A Gardener's Diary: Dog Days


Hot town, summer in the city
Back of my neck getting dirty and gritty
Been down, isn't it a pity
Doesn't seem to be a shadow in the city
All around, people looking half dead
Walking on the sidewalk, hotter than a match head

“Summer in the City”, 1966

It's 2.00 on Thursday afternoon, and only 100 degrees out. I had a feeling Mother Nature was slacking up a bit last night. It was 90 when I went to bed, and 80 when I got up this morning. Nobody's cracking 110 with that slow a start.

I ventured out for a bit to clear my head of the life of art critic Robert Hughes (he will appear at Henry Bemis Books at 4.20 today, a nod his rambunctious social life), and to do some triage watering. Even well-established plants are drooping in this heat.

Ferns are right fussy to not have evolved in a billion years. You'd think they'd seen heat before.

Old Men Mowing Friday has been suspended for the duration in my neighborhood. This is causing jarring discontinuities across the Peachtree Hills greensward. A few weeks ago, on a long walk, I did a census of the last mile from Sunset Drive home. Of 58 homes, the lawns of all but three had clearly been mowed that week. Everyone will be out of sorts now.

While out today, I got some big limbs sawed down to the length the county sets for taking them away, and hauled them out to the street. Thursday has become de facto yard work day. Down in Raleigh, the mania for cutting taxes- especially those thriving cities like Charlotte impose on themselves to fund needful work to absorb the 1200 new people who move here every month- has the city scrambling for money.

That has meant more patrolling to find yard-slackers with dandelions over twelve inches high. That gets you a $50 public nuisance fine. My next door neighbor got one recently, after she bade me not to mow her lawn for a third week to save money, despite my warnings.

It's hard, sometimes, to be magnanimous when proved right all along. But my neighbor is like Casablanca's Captain Renaud when it comes to service providers:

-Oh, no, Emile, please. A bottle of your
best champagne. And put it on my bill.

- Captain, please.

- It's a game we play.

-They put it on the bill, I tear up the bill. It is very convenient.

So if you've got any work to do that will involve yard waste you don't want to keep, Thursday is the only day for it. The yard waste guys come through early Friday morning. The rest of the week, you put stuff out, you're in scofflaw territory.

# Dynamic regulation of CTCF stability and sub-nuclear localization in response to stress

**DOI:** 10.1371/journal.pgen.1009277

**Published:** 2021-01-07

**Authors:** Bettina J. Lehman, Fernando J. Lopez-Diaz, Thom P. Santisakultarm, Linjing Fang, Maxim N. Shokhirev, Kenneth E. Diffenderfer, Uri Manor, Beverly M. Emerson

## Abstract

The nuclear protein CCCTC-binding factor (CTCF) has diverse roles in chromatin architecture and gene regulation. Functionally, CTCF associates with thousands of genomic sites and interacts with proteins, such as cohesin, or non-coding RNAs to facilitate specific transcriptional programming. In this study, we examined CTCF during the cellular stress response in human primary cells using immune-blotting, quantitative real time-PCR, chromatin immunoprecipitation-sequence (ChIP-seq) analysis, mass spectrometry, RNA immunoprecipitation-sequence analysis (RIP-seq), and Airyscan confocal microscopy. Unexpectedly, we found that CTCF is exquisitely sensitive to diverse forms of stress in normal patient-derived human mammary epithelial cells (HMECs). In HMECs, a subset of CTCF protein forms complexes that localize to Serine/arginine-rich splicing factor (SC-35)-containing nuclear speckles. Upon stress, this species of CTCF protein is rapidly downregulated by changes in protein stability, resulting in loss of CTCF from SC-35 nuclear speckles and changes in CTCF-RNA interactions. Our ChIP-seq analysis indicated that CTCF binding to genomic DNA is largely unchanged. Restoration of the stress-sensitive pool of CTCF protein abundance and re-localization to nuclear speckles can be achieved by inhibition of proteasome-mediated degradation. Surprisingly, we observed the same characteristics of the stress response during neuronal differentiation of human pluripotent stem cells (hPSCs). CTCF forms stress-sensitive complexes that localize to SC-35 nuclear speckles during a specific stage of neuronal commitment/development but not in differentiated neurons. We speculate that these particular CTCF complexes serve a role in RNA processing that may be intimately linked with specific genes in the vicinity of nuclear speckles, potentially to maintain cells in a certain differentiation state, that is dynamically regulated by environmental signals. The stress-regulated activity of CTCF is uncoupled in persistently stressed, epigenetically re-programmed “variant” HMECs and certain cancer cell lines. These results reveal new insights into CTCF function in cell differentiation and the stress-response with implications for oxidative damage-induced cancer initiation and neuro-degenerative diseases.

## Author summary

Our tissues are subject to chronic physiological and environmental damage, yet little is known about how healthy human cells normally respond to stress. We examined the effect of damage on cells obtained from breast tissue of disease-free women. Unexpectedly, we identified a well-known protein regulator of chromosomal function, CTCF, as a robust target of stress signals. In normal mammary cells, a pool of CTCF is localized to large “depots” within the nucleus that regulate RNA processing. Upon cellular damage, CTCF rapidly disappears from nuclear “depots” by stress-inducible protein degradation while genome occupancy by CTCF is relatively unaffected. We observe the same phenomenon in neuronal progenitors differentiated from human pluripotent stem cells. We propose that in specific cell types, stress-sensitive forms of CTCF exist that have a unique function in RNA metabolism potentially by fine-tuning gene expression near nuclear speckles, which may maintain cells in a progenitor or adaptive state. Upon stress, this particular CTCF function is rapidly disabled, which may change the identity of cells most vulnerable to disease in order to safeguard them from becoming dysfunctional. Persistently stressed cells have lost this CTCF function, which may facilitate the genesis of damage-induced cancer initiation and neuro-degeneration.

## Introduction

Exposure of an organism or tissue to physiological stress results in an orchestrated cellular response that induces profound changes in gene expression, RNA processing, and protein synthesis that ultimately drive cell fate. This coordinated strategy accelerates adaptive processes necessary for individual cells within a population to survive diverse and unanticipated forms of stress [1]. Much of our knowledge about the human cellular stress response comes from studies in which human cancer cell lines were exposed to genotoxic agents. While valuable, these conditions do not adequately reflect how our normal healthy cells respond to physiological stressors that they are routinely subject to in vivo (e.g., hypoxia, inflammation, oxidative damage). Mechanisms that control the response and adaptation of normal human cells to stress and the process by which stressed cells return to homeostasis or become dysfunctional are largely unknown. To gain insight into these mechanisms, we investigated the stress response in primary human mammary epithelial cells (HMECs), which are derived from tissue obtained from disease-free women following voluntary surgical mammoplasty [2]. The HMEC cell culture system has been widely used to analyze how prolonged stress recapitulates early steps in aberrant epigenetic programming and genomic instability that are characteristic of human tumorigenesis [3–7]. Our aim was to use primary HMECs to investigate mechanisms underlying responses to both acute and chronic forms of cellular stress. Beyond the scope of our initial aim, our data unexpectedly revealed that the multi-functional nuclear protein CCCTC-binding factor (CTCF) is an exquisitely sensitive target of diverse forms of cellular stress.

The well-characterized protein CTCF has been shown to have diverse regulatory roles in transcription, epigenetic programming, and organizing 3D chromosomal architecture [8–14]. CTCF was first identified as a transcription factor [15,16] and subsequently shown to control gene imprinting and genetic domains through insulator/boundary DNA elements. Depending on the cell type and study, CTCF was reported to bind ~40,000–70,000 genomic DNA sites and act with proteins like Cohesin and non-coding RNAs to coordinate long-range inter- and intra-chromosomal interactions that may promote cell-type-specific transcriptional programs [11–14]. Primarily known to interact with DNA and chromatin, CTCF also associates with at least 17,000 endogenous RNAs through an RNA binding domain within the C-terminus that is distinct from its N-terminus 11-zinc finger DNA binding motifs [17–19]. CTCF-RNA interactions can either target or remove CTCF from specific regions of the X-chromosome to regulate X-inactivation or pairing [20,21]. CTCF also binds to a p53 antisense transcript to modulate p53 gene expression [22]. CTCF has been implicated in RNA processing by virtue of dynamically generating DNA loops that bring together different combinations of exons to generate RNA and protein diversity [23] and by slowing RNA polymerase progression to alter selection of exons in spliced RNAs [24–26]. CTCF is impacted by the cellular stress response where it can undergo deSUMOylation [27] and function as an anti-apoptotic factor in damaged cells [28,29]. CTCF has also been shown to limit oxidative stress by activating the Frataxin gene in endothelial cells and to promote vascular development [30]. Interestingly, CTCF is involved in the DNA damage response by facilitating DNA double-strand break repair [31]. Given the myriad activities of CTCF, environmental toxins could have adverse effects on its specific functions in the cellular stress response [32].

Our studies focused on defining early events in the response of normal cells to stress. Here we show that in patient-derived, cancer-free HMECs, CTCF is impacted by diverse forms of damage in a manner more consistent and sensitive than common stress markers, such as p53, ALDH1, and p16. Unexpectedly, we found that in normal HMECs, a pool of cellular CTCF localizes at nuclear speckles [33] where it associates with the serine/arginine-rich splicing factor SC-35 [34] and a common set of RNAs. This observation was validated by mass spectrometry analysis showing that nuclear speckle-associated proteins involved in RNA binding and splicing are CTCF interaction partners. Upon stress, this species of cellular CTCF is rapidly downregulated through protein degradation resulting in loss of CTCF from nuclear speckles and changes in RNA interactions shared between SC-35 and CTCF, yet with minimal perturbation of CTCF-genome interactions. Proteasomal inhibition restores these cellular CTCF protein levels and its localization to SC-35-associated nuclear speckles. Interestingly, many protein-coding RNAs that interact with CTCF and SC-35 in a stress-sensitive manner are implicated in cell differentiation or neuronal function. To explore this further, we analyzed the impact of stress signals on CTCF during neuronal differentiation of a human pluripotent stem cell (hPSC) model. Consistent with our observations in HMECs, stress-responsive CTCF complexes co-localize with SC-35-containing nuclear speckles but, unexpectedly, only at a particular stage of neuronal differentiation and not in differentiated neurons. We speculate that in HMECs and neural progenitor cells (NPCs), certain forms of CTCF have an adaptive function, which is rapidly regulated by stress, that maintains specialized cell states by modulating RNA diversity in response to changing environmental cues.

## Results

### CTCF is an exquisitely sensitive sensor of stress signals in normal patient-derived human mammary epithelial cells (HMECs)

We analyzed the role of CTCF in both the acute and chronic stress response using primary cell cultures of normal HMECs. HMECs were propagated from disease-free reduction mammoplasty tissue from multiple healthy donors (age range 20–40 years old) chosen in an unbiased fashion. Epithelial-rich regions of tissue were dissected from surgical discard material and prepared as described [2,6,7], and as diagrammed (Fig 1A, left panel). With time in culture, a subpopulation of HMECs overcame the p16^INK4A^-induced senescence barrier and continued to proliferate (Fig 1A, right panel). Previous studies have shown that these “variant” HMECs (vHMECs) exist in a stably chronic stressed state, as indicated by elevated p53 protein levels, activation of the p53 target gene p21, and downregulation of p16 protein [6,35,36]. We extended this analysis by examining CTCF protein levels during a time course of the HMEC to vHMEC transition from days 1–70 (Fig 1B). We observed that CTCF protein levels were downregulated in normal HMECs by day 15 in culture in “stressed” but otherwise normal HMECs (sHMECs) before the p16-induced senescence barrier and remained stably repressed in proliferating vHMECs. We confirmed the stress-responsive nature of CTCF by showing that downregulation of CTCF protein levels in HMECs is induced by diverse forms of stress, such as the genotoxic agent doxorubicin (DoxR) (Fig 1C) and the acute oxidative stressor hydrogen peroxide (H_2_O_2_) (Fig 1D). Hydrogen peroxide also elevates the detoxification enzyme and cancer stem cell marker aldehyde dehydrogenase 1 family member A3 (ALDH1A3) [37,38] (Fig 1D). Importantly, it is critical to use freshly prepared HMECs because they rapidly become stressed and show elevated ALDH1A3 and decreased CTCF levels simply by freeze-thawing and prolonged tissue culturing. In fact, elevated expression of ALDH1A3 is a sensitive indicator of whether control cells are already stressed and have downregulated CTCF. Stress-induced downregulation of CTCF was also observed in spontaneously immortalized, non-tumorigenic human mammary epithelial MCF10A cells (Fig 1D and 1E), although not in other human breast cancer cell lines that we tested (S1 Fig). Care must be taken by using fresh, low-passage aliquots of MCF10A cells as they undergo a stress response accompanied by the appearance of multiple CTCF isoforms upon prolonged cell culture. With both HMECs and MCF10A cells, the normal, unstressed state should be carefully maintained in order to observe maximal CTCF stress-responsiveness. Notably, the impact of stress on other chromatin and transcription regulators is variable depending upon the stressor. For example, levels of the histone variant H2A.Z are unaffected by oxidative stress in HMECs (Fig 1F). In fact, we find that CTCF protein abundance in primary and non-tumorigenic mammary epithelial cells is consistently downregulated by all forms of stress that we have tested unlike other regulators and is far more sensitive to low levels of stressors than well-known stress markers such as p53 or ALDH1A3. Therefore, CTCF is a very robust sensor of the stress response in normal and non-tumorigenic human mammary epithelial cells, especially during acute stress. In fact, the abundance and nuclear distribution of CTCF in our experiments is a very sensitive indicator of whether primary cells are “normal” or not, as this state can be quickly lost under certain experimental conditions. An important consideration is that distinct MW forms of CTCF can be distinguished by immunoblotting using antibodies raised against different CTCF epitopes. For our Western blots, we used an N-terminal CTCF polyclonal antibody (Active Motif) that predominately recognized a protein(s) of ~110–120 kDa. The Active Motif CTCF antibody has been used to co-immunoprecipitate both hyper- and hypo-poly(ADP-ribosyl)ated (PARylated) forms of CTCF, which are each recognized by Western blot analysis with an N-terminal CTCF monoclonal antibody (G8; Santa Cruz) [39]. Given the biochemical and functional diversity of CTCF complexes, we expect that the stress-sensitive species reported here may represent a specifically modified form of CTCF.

Mind, I could thumb my nose at such conventions. Though waste pickup is consolidated between city and county, each retains its own service area rules, and the county line is at one end of my yard. I could stack limbs every day of the week and the city guy would have to sit in his car on the other side of the law’s invisible force field, unable to do a thing about it.

But I remember being a boy on a street mostly inhabited by retirees. Fifty years on, I try not to roil the social conventions. I am in the place of those I once only observed.

One of our ways, unspoken but always observed, is the putting out of the trash bins on Thursday evenings. No one's goes out until after the oldest resident ("85 come August!") puts hers out. Then, in a few, Doug (late 70s) rolls his out to the street, and he crosses over to put out the bin for the McIntoshes, who are in their 90s and don't get out much (coupla months ago the school bus driver who always takes the turn into our street too soon also took down their shared mailbox stand; Mr Doug called the post office for a chat, and now our driver pulls up the McIntosh's driveway to pop the mail in their box, relocated to end of their carport).

After that I figure, at 60, it's my turn to roll out my bin. Decorum in all things, done decently and in good order.

While I was out, two other thoughtful neighbors- each several hundred feet away, here in the land of half-acredom- felt I must be needing some music to accompany my efforts. Alas, among my frailties is stereo ears hooked up to a monaural processor. I got all out of synch, hipping when I shoulda hopped, and the other way, too.

Thank goodness I was in the back yard. To the many passersby who stop in front of my house to text their friends, I'd'a looked like a millipede having a stroke, I'm sure. Julia Louis-Dreyfus, she stole all of Elaine's dance moves from me.